The Skagit River tumbles out of the Cascade Mountains and then creates a broad, fertile delta -- that's where I live, on the Skagit flats -- best farm land in the country, put a broom stick in the ground and it will sprout, dig half way to China and you won't find a rock.
Not all that rosy, we are at ten feet above sea level and surrounded by dikes -- it has flooded here a few times.
But then again, floods go away and leave the soil a bit richer.
In late October the farmers are still out in the fields. The Roozen family is planting tulips, we're talking about hundred of acres of tulips, not your small garden, but on a commercial scale, so they haul out bulbs by the truckload and load them into the planter, and put them in the ground -- The tulips will bloom in glorious color next April.
They're still harvesting potatoes. The potato harvest stretches out over two months because there is no hurry -- Potatoes can sit in the ground all winter and it won't hurt them a bit. This give the potato farmer the luxury of not having to work around the clock to get a crop in -- he can even knock off for bad weather.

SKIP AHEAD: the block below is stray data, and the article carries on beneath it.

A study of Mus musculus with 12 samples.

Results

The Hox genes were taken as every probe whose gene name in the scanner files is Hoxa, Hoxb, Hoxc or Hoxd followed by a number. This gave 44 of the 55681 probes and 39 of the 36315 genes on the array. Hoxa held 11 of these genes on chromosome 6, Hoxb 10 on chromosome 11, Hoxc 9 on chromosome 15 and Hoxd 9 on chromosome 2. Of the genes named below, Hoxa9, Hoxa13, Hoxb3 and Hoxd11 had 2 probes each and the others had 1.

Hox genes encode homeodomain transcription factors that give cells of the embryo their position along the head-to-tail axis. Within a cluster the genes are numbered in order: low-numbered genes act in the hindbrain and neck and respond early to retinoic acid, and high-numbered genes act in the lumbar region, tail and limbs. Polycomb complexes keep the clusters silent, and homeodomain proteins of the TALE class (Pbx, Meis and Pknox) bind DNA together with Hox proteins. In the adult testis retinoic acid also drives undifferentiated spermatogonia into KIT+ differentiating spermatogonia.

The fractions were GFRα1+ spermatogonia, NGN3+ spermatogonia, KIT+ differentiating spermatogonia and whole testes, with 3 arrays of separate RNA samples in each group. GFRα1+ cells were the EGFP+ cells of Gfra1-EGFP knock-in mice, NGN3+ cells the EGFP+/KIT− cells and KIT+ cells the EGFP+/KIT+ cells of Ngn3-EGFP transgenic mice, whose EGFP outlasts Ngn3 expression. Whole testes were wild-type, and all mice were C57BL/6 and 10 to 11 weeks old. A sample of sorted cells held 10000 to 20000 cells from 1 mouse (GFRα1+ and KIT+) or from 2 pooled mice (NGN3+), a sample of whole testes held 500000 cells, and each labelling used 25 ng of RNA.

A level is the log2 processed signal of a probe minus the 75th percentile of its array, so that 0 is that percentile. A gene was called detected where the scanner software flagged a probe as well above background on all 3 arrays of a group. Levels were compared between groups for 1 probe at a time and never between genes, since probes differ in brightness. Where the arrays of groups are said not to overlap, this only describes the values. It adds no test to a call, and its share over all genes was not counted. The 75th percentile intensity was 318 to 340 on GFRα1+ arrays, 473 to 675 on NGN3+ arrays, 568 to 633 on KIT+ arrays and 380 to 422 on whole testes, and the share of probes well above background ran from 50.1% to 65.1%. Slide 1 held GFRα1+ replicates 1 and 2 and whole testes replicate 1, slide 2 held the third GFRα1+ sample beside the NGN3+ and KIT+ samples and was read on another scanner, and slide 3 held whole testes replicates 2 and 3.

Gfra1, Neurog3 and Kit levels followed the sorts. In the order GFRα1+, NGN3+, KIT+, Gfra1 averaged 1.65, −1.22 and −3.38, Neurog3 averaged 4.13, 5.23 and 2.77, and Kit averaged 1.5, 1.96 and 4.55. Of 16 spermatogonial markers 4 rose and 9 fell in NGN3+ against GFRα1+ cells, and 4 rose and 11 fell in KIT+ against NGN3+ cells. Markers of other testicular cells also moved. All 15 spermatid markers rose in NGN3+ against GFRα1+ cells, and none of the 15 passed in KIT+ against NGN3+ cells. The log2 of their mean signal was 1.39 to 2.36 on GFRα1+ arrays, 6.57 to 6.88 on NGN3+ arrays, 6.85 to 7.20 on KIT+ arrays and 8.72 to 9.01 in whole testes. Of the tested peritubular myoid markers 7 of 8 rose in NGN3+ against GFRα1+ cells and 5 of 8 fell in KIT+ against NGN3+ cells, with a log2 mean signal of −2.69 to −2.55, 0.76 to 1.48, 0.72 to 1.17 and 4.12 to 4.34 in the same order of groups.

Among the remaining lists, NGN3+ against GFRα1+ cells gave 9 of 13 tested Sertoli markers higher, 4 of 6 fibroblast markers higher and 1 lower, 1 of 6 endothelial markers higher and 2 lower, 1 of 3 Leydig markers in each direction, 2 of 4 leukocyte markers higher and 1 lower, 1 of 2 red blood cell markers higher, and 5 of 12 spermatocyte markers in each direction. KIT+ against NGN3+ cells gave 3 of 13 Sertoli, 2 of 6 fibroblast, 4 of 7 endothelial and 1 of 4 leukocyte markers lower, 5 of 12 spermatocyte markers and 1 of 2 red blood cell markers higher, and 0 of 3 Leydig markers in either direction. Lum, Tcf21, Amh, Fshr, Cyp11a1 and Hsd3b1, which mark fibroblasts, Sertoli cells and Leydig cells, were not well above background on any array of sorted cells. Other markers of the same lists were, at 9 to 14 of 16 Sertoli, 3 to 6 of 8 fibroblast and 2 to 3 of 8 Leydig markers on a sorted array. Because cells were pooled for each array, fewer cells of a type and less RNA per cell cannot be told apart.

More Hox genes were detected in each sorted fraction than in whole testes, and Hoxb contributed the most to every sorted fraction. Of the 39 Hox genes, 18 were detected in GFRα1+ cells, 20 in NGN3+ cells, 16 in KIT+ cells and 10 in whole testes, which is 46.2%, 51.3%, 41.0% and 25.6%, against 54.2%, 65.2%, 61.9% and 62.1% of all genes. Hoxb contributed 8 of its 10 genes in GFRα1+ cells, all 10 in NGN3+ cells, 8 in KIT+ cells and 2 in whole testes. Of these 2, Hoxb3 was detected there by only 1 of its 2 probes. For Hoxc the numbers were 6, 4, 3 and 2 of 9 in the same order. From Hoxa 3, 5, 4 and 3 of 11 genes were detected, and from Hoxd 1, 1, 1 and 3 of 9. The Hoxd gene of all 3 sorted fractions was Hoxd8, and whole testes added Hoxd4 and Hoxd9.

The wheat planted last month in our field on Beaver Marsh Road is almost 3 inches tall. It will grow a little bit more and then just sit there all winter -- not growing in the winter, but ready to take off first thing next spring.
They planted wheat across the road from us just last week, so I guess it's not too late for that.
And, I suspect, but need to ask questions in order to confirm -- that the farmers are planting a lot more wheat around here this year. Could be that $9 a bushel price for wheat on the futures market -- more than double what it was last year.